It was a year ago today that Vestas got the remaining blades out of their factory at Newport, Isle of Wight. At the time and in my thinking now this is “Blades Day“. A number of ex-Vestas workers and their supporters gathered on the path beside the Medina and watched as a few blades left, an event only made possible by the presence of large numbers of police.
The weather was beautiful; the calm beside the river was only enhanced by the hum of the giant cranes doing their dirty work. The peace was only interrupted by the sound of police motor launches buzzing up and down the river taking pictures of protestors on the shore. It struck me as I watched them then that the people on those launches holding the cameras had probably never been to the Isle of Wight and would probably never come back. They didn’t know who we were and they didn’t care. Their job was only to take pictures of “potential trouble-makers”.
It was sad watching the blades being taken out. But the protest, the fact that we didn’t want the blades to leave, was not intended as an act of sabotage. It was a protest about the terms under which renewable energy is developed. Should the switch to renewables depend simply on how profitable the business is? In other words, should it simply be left to the market to develop the energy we need? Should renewables companies be seen as unambiguously “ethical”? Or should we be able to demand of them that they treat their workers with respect, not laying them off at will, as Vestas does, as it chases government subsidies around the world?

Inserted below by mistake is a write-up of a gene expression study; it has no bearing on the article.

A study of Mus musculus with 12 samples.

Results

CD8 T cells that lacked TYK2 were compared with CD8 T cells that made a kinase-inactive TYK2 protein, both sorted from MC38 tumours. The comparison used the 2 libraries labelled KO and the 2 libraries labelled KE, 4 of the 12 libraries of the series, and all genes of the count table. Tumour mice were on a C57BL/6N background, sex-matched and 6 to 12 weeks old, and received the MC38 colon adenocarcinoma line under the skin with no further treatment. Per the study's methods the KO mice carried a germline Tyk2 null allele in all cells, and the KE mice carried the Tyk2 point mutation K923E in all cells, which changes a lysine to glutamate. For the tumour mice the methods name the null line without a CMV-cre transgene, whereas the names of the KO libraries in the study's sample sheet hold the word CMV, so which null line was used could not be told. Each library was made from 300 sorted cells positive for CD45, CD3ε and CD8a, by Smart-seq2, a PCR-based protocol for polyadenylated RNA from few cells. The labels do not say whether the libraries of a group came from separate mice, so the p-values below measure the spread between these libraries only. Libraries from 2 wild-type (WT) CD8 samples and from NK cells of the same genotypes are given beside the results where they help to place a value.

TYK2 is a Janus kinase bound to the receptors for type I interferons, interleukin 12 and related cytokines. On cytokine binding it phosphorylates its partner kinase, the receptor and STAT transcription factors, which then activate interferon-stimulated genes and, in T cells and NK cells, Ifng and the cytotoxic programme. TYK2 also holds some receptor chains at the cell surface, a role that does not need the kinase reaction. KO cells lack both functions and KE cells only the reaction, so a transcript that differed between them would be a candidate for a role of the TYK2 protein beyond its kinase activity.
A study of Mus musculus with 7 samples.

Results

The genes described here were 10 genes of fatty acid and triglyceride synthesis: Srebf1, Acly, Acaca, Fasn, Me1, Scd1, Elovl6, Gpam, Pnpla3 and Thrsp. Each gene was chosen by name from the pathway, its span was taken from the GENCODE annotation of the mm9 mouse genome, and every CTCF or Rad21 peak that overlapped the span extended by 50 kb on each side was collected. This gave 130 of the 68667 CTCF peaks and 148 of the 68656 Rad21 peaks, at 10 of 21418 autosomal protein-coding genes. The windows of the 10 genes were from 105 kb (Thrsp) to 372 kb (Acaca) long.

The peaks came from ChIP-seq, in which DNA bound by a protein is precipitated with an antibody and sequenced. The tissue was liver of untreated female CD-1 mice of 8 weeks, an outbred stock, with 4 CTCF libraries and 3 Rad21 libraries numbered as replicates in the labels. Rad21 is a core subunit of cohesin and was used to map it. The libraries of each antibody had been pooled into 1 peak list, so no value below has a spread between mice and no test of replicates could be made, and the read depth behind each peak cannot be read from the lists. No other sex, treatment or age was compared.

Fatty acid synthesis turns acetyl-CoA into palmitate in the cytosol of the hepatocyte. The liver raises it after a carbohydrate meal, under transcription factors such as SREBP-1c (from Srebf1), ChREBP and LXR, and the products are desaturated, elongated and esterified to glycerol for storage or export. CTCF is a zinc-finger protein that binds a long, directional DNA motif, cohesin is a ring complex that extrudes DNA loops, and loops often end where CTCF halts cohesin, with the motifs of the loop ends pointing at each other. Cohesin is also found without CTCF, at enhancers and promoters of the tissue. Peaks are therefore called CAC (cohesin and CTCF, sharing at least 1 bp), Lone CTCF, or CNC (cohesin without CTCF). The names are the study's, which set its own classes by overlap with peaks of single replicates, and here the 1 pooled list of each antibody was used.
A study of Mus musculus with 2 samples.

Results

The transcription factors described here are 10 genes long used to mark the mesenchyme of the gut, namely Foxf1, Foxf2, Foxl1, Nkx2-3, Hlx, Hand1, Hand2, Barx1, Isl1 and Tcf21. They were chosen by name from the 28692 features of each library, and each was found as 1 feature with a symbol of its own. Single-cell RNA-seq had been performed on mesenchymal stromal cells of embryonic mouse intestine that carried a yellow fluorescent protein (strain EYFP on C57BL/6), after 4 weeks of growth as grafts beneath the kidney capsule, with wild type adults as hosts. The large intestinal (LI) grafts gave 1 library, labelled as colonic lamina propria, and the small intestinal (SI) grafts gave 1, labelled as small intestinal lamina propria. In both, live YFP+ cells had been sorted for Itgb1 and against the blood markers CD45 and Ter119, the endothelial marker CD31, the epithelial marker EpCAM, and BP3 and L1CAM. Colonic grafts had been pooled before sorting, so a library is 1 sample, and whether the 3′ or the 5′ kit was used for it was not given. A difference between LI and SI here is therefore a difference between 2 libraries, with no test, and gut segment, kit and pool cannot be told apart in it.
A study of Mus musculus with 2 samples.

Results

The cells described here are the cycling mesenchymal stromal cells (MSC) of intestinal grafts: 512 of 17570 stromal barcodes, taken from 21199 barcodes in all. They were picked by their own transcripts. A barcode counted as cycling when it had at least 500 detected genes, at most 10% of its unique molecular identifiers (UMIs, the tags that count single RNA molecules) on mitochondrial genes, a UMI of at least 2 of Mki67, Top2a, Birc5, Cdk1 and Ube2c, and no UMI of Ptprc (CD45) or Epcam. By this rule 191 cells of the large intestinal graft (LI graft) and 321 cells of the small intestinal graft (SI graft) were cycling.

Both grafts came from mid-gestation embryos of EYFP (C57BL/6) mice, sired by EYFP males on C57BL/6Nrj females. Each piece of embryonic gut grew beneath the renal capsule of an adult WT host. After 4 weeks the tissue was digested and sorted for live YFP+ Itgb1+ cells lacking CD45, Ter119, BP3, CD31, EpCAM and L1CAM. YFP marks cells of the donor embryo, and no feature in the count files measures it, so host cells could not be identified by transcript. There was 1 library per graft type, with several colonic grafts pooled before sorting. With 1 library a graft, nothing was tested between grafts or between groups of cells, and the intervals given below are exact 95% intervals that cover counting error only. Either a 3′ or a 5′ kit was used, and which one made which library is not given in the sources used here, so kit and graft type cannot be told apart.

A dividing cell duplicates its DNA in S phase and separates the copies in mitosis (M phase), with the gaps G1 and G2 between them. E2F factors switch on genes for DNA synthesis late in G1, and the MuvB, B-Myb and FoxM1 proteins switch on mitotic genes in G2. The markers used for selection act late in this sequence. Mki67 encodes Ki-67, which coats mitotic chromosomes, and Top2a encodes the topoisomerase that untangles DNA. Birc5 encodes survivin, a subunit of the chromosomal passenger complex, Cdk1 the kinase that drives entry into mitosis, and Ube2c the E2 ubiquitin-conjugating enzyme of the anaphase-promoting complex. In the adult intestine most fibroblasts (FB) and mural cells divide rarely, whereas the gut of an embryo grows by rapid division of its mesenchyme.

Today the economic recession and the anxieties that most people have about cuts in public services, benefits, job losses, etc., are looming larger in their thoughts than environmental concerns. That’s a shame, but it only goes to show that while our economic system is as it is, we cannot give proper attention to vital issues like what sort of environment do we live in and are we creating.
Today the world’s biggest wind farm opens off Thanet. It’s a beautiful sight! But it’s delivered by companies in private hands that do not care about their workforces except in as far as they can exploit them for profits. An apt way to mark the first anniverary of Blades Day would be to renew our struggle for a worker-led just transition to renewables.
P.S. Wouldn’t you know it? I’ve looked at my diary again and discovered that the anniversary was yesterday. Well, they got blades out on both 22nd and 23rd September, I think. I’m not one to airbrush history, so I thought I’d ‘fess up! The issues remain the same.